Some clinicians who develop COVID-19 say their employers are pressuring them to return to work before they have fully recovered, reports Kaiser Health News.
The nonprofit news service reviewed workplace complaints reported to the U.S. Occupational Safety and Health Administration this spring, which documented several instances of healthcare facilities requiring sick employees to work or threatening to fire them if they stayed home.
The pressure for clinicians to return to work not only comes from employers who may be short-staffed during the pandemic, but also from the industry’s deeply ingrained culture of “presenteeism,” Kaiser Health News said.
Many front-line providers pride themselves on being tough enough to work because there are patients who are sicker, Andra Blomkalns, MD, emergency medicine chair at Stanford (Calif.) University, told the publication.
Kaiser Health News spoke with a nurse at Hackensack (N.J.) Meridian Health who was diagnosed with COVID-19 in April. The nurse, who wished to remain anonymous for fear of retaliation, said Hackensack told her she could return to work in two days because she did not have a fever.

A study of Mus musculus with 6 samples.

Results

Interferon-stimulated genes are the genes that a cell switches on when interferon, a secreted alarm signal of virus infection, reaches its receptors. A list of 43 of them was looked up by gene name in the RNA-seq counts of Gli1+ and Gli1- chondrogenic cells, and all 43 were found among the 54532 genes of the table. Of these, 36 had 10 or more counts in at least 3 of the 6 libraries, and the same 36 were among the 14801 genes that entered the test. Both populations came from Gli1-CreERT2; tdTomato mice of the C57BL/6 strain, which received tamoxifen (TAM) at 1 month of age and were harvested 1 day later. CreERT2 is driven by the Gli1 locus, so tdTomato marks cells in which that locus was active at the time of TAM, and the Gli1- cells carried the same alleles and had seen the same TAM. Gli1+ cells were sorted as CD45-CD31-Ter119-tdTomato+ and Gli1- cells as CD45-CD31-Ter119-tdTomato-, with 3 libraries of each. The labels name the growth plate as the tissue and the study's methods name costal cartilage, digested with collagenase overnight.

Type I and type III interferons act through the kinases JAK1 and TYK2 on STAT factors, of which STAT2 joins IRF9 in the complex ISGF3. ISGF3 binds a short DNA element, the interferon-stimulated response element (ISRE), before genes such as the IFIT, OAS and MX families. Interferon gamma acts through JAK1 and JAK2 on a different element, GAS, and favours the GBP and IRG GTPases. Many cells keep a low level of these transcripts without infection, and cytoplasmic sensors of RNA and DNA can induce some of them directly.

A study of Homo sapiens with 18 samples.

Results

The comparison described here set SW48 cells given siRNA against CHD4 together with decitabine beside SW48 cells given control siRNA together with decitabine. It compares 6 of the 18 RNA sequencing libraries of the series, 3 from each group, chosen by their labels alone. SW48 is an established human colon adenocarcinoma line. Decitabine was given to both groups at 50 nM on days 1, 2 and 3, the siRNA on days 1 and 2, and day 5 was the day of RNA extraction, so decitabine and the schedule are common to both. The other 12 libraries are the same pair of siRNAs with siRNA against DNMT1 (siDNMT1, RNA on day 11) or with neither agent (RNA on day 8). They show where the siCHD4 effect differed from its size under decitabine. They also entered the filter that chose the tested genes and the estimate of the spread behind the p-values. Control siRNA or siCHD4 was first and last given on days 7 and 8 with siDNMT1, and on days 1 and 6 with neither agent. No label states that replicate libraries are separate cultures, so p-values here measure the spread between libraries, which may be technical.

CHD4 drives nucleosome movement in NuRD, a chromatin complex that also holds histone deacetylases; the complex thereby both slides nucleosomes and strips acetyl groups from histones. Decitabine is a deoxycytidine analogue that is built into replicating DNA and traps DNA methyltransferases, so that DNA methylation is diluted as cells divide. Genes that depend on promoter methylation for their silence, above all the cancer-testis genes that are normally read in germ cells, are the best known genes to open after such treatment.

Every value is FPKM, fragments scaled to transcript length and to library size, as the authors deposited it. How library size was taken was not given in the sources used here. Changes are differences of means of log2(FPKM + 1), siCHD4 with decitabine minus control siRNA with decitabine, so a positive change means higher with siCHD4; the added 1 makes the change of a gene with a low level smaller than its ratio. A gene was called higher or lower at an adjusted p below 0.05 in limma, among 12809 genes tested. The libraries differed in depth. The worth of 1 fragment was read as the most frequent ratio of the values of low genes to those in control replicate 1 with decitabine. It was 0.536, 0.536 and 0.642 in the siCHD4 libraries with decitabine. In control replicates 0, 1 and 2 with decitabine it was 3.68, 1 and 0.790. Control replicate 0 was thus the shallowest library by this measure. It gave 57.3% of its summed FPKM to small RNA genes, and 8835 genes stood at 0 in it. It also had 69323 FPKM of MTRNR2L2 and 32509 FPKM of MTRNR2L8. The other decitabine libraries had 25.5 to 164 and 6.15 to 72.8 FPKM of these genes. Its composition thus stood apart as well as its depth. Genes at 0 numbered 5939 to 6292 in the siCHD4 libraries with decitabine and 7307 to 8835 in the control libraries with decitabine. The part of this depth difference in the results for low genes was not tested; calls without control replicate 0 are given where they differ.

While the system ultimately allowed her to isolate for two weeks — as instructed by a physician — hospital employees still called her daily, saying that her colleagues were short-staffed and “suffering,” the nurse claims.
In a statement to Kaiser Health News, Hackensack spokesperson Mary Jo Layton said the health system “has followed the CDC recommendations as it relates to the evaluation, testing and clearance of team members following infection with COVID-19.”